Julie* came into my office accompanied by a prison guard. She had been sentenced to jail for stabbing her partner and a 13-year-old girl. Coming home from doing errands, Julie had caught them taking a shower together. Her jail term had almost ended and the authorities wanted her to acquire some social skills before releasing her into the community.
After what seemed a very long time, Julie began to open up and tell her story. She was the child of white and Aboriginal parents, she told me. When she was eight, her mother put her on the street as a child prostitute to earn money for her drug addiction. At 13, Julie ran away from home and settled in with the man she eventually stabbed. As most street kids do, Julie got involved in drugs, alcohol and petty crimes. She was a very troubled young woman with no sense of personal worth or values.
Arms folded tightly, she glared at me and asked: “What can you possibly do for me?”
That was seven years ago. After almost a year of counselling, Julie began to feel more positive about herself. She was released from detention and found a job on a farm. I lost contact with her but often wondered how she was going.
Three years ago, out of the blue, she showed up at my office accompanied by a well-groomed man. It was obvious that they were partners. In fact, she had come to introduce me to her husband Mick, who came from a Middle Eastern background. He owned a small construction business and was doing quite well. He also took in Julie’s two younger children. It was obvious that they were very happy, enthusiastically sharing about their life together and their future plans. They came in again on a few occasions, the last time to show me their chubby nine-month-old baby boy Josh.
At this point I wish I could write that things are just getting better and better for this couple. They aren’t. Some of Julie’s relatives never accepted her marrying outside of her culture. Things have become very messy, with family members accusing Mick of engaging in very disturbing criminal behaviour. Are the accusations true? The courts will have to decide.
While waiting for the judge’s decision, Julie is shattered because she is torn between the man she loves and her love and responsibility to her family. At times the pressure is too great to bear and Julie is tempted to go back to her drug use days. She may have succumbed for all I know.
I heard from her a few days ago. “Can Mick and I come and see you for counselling when this thing is over?” “Of course you can,” I replied. Whether Mick is convicted or not, whether Julie is back on drugs or not, the ADRA Community Centre at Blacktown (NSW) will always be there for them and for hundreds of people like them.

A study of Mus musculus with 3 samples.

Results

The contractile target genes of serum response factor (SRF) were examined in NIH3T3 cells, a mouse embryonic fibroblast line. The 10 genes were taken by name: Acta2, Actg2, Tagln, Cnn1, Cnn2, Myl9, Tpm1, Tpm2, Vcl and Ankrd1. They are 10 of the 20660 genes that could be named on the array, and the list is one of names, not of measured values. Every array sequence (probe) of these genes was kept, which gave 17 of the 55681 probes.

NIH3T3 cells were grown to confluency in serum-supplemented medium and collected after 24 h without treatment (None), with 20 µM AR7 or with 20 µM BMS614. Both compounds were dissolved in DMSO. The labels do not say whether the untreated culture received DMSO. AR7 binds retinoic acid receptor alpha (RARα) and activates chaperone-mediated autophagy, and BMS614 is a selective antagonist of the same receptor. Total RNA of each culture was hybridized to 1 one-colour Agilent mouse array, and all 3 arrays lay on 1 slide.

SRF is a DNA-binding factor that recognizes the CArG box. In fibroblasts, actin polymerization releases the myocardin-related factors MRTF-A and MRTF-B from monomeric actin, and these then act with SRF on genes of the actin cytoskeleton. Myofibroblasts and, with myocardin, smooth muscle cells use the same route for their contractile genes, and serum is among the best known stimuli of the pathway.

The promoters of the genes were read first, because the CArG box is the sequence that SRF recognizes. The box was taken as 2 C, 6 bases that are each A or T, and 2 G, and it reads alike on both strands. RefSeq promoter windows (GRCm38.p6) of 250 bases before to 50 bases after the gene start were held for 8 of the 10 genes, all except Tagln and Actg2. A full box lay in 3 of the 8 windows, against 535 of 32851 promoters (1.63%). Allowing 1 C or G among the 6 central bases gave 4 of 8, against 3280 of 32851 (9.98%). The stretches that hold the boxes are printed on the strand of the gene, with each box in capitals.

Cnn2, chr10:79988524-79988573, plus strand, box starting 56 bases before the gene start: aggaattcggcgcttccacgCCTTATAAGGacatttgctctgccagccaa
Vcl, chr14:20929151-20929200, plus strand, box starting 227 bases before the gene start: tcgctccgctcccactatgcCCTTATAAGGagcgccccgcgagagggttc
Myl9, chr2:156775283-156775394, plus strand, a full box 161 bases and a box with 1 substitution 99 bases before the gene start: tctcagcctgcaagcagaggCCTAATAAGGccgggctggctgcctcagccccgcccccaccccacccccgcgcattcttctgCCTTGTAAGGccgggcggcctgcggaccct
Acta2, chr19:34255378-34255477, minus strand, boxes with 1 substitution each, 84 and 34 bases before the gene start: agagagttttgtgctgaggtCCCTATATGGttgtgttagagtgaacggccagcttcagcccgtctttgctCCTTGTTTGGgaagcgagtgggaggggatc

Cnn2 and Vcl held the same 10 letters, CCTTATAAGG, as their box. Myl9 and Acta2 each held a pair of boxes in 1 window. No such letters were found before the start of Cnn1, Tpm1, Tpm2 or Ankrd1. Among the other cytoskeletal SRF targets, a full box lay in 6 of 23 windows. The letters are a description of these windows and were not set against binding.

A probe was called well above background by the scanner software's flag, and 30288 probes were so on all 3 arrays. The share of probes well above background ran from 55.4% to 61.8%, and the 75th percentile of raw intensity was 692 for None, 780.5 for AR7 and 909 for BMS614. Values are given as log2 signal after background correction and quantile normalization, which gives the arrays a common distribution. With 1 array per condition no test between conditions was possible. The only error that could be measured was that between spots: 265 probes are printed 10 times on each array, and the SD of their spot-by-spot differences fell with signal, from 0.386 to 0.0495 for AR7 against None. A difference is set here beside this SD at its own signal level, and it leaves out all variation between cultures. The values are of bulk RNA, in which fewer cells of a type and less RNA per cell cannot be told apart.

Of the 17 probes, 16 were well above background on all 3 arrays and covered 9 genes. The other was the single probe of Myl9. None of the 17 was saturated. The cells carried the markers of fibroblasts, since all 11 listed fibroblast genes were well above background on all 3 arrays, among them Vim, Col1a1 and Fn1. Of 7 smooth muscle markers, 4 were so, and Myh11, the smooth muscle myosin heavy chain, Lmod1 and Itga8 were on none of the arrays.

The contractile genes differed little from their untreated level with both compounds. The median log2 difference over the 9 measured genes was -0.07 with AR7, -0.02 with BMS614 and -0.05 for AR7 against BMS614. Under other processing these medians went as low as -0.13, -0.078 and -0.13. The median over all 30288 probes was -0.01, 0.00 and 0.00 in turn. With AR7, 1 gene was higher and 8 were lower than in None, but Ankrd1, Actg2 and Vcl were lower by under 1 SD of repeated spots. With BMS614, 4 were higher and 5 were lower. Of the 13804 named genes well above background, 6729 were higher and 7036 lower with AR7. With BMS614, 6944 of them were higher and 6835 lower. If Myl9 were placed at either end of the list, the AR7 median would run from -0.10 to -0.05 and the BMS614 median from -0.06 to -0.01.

One time I was talking to Julie about church and she observed rather cynically that church people have no time for individuals of her kind. I reminded her that ADRA was a church organisation. Her quick reply, which I must admit warmed my heart, was, “but you are different. You have never looked down on me and more importantly I’ve never felt like dirt when I am in your office.”
I have often wondered why the poor, the oppressed and the marginalised felt comfortable to be with Jesus and yet felt shunned by the religious establishment. Would I be far from the truth if I said that the church today does not fare any better than back then? Marginalised people still do not feel welcomed in most middle-class Christian congregations. Believers do collect food and clothes for the needy but what the needy really need most are friends; Christian friends who will not be turned off by the vocabulary, the stench of unwashed bodies, disorganised lives, poor skills and, in some cases, the dirty clothes and smell of beer.
Working for the ADRA Community Centre has given me a deep insight into what Jesus had to accept when He came down from celestial purity to this filthy world. It has given me a greater awareness of Christ’s love for people, a disturbing awareness of my own initial reluctance and more importantly an awareness of the work that God has accomplished in my heart so that I can truly say that today I see people through the eyes of Jesus. Because people matter to God, they matter to me too.
I served as a minister for many years before coming to ADRA Blacktown. Those were good years. And my ministry was, by and large, rewarding. But now when I look back I think of those years as a prelude to my real ministry. The church pastor spends an inordinate amount of time sorting through petty personality conflicts and tangential doctrinal debates. All the while, the most desperate needs in society are not being met. Today, my ministry feels alive and strong–connected to real people with serious needs; people who aren’t preoccupied with the state of the bitumen in the carpark, fighting over drums in musical backing tracks and other such trivialities. I feel like my ministry today is following in the footsteps of Jesus who reached out to prostitutes and thieves, publicans and sinners.
I wish every Seventh-day Adventist pastor got to concentrate his or her time and effort serving the most marginalised, the most hurt, those in the most need. What a refreshing use of our manpower! And rather than doing large public events, wouldn’t it be remarkable if we spent our evangelism funding on actually helping people like Julie and, through the actions of love, introduce her to our God of love?
Julie believes I have helped her. And maybe, by God's grace, I have. But in truth it's through helping Julie and men and women like her that I’ve re-found my calling as a minister in its deepest and most profound sense. My regret is that I came to this practical ministry late in my career. My hope is that I’ll be able to continue to minister to the marginalised for many years to come. Because it is through them that I have come closest to Christ.